Maine Secretary of State Shenna Bellows has found herself at the center of a national media firestorm following her decision last week to remove former President Donald Trump from the 2024 Maine GOP primary Ballot.
But less than a decade ago, she found herself in a far more subdued role: Interim Executive Director for Learning Works, a non-profit founded by socialist activist Ethan Strimling.
Strimling, the former mayor of Portland, was the ringleader behind the ballot eligibility challenge filed with the Secretary of State’s office that provided a pretext for Bellows’ ruling.
The professional connection between Bellows and Strimling hasn’t received much attention since Strimling filed his complaint.
But it raises questions as to whether the pair of partisans coordinated in the effort to interfere in the Maine Republican Party’s nomination election.
Bellows official biography, which appears on her Maine.gov page and several other locations, mentions her brief stint at the Portland-based non-profit.
The nonprofits’ 2015 Form 990 tax filing lists Strimling as the CEO (with a salary of more than $100,000) and Bellows as Intern Exec.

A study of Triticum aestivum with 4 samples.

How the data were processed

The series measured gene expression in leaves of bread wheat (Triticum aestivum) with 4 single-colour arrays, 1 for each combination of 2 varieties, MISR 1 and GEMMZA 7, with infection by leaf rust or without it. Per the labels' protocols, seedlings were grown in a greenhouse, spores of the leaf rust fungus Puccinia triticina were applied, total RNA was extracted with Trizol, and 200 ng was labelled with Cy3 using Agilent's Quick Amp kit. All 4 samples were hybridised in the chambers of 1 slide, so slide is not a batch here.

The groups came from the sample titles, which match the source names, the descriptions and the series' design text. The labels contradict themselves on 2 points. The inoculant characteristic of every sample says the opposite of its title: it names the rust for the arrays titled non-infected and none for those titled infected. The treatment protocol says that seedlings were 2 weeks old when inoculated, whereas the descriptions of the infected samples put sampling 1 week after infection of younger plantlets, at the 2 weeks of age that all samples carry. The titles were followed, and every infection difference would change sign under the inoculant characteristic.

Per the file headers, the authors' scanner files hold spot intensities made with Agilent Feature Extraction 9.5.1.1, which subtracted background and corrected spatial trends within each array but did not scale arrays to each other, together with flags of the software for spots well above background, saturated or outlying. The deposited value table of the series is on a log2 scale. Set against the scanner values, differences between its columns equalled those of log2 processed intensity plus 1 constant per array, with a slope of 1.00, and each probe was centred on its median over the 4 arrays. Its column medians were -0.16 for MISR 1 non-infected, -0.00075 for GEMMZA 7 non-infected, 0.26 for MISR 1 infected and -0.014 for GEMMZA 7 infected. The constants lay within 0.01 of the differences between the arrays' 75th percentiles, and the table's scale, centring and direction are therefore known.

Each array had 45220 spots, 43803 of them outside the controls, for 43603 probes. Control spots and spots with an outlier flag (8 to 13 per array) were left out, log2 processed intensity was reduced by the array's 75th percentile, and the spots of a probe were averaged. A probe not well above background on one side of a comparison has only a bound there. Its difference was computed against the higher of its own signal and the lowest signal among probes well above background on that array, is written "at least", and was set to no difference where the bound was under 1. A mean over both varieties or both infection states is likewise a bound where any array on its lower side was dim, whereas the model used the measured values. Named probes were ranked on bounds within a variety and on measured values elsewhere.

There is no salary information listed for Bellows, likely because her partial year compensation did not exceed the reporting requirement.
The tax filing also shows the nonprofit took in nearly $3.3 million in taxpayer-funded government grants.
By the time Learning Works filed a Form 990 for 2016, Bellows had been replaced by Heather Davis, and Strimling had been replaced by Douglas Libby.
In 2016, Bellows earned nearly $70,000 from the nonprofit.
The Maine Wire has filed a public records request with the Secretary of State’s office seeking all communications between Bellows and Strimling.